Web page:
December 11, 2000

The Police Department and the Queens district attorney are investigating the circumstances surrounding a minor car accident involving a top police union official, law enforcement officials have told Newsday.

The officials say they doubt that criminal or even administrative charges can be filed against the official for lack of evidence. Charges, they say, are more likely to be filed against the two responding officers who failed to follow procedure either because the official intimidated them or they were trying to protect him.

According to the accident report the two officers filed, the accident occurred at 11:30 p.m. Nov. 29, when Walter Liddy, the Patrolmen's Benevolent Association trustee for Manhattan Borough South, rear-ended a jeep on Queens Boulevard and Queens Plaza South.

The jeep was driven by Donald Donofrio of Montauk. Liddy, who was driving a 1999 Ford, registered to the union at 40 Fulton St., maintained Donofrio's car "stopped suddenly," the report said. "When he applied his brakes, his vehicle slid into the Jeep ..."

A source familiar with the case said that when the two officers requested Liddy's license and registration, Liddy complied but became abusive, shouting, "Do you know who I am?" He stormed off and drove away, apparently forgetting he had left his license and registration.

Instead of notifying their superior officer, as is required when an off-duty police officer is involved in an incident, the two officers merely filed their accident report, listing Liddy as the driver. No mention was made of the circumstances of his leaving the scene.

Department brass only became aware of the incident when one of the Jeep's occupants notified the Internal Affairs Bureau, suggesting Liddy may have been intoxicated.

Liddy, who through a PBA spokesman declined to comment, and IAB have tangled in the past.

During the Midtown South brothel scandal two years ago, in which officers allegedly frequented and/or allowed a brothel to flourish for years, Liddy was the precinct delegate and insisted he be present at every interview of the suspected officers during the investigation.

Although a minor accident is normally investigated by a borough inspections unit, the current case is under investigation by IAB's Group One, which pursues high-profile cases, including those involving captains and above. Law enforcement sources say Group One has already questioned the two responding cops, who are assigned to the 108th Precinct. The case is also being examined by the Queens District Attorney's Integrity Bureau.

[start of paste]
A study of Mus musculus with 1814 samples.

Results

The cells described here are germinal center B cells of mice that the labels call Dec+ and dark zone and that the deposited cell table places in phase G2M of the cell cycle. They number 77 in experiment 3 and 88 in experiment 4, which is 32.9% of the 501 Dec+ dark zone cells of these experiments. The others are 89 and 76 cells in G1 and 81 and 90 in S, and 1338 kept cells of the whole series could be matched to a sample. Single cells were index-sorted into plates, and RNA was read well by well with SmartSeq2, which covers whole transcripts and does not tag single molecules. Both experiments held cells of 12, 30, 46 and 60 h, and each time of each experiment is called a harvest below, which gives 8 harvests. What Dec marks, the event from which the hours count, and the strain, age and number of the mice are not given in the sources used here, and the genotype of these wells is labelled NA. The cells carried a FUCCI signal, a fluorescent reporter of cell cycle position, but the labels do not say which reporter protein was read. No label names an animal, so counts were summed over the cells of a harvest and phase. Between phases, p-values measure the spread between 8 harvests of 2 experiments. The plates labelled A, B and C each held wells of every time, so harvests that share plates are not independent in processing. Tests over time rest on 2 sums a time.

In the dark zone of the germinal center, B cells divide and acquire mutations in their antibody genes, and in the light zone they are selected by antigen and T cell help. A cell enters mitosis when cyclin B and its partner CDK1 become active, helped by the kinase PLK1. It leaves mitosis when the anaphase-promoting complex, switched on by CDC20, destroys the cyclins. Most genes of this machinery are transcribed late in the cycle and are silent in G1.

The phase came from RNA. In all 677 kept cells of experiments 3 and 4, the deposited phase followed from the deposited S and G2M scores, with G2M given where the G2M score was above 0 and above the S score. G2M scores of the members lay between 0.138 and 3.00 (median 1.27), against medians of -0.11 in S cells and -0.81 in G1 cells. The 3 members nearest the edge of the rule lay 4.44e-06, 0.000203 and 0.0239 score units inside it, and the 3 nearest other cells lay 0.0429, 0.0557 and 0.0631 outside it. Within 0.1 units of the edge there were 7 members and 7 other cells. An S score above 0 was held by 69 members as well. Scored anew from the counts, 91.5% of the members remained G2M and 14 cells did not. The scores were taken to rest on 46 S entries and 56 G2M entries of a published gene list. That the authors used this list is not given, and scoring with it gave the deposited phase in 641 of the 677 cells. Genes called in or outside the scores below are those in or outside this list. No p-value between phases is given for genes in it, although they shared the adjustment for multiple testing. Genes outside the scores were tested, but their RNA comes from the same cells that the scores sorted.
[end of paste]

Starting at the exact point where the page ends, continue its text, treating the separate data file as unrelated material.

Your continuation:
Reached by telephone Friday, Donofrio said he had spoken to IAB, then added, "No one got hurt. Don't bother me with this."

The Secret Order?
Who ordered scores of uniformed officers off patrol Tuesday afternoon to attend a ceremony at St. Francis College in Brooklyn at which former Police Commissioner Howard Safir served as guest speaker and received an honorary law degree?

Police sources say all precinct captains and executive officers from the 10 precincts of Brooklyn Patrol Borough North were ordered to attend. Each precinct captain was ordered to bring a sergeant "plus five"-meaning five patrol officers.

Brooklyn North's commanding officer, Assistant Chief James L. Ward, acknowledged the large turnout of uniformed officers at the ceremony but disputed the "sergeant plus five" order.

"Some guys had more than others," he said.

The turnout so impressed St. Francis' president, Frank Macchiarola, who when introducing Safir cited the large number of men in blue in the audience as a tribute to him.

Deputy Chief Tom Fahey of the department's public information office said, "There was no order."

The order-described as a telephone message-is believed to have originated with First Deputy Joltin' Joe Dunne, a 1969 graduate of St. Francis, a private Catholic college. Dunne, who did not return a call, attended the ceremony with his Dynamic Duo partner, Chief of Department Joe Esposito. Both are former commanding officers of Brooklyn North.

When he resigned in August, Safir lobbied Mayor Rudolph Giuliani to appoint Dunne his successor. Instead, the mayor appointed Bernard Kerik. Kerik did not attend the ceremony.

Safir, who was awarded an honorary degree in civil law, attended Brooklyn law school for two semesters but did not graduate.

The Air Bag Made Her Do It.
That's the theory of the Police Department's Internal Affairs Bureau as to why Brooklyn Chief Judy McGinn struck five parked cars over a two-block area before crashing her police vehicle through the brick facade and metal door of a body shop across the street. The theory goes that when she struck the first car, her air bag opened and disoriented her.

Graham Rayman contributed to this column.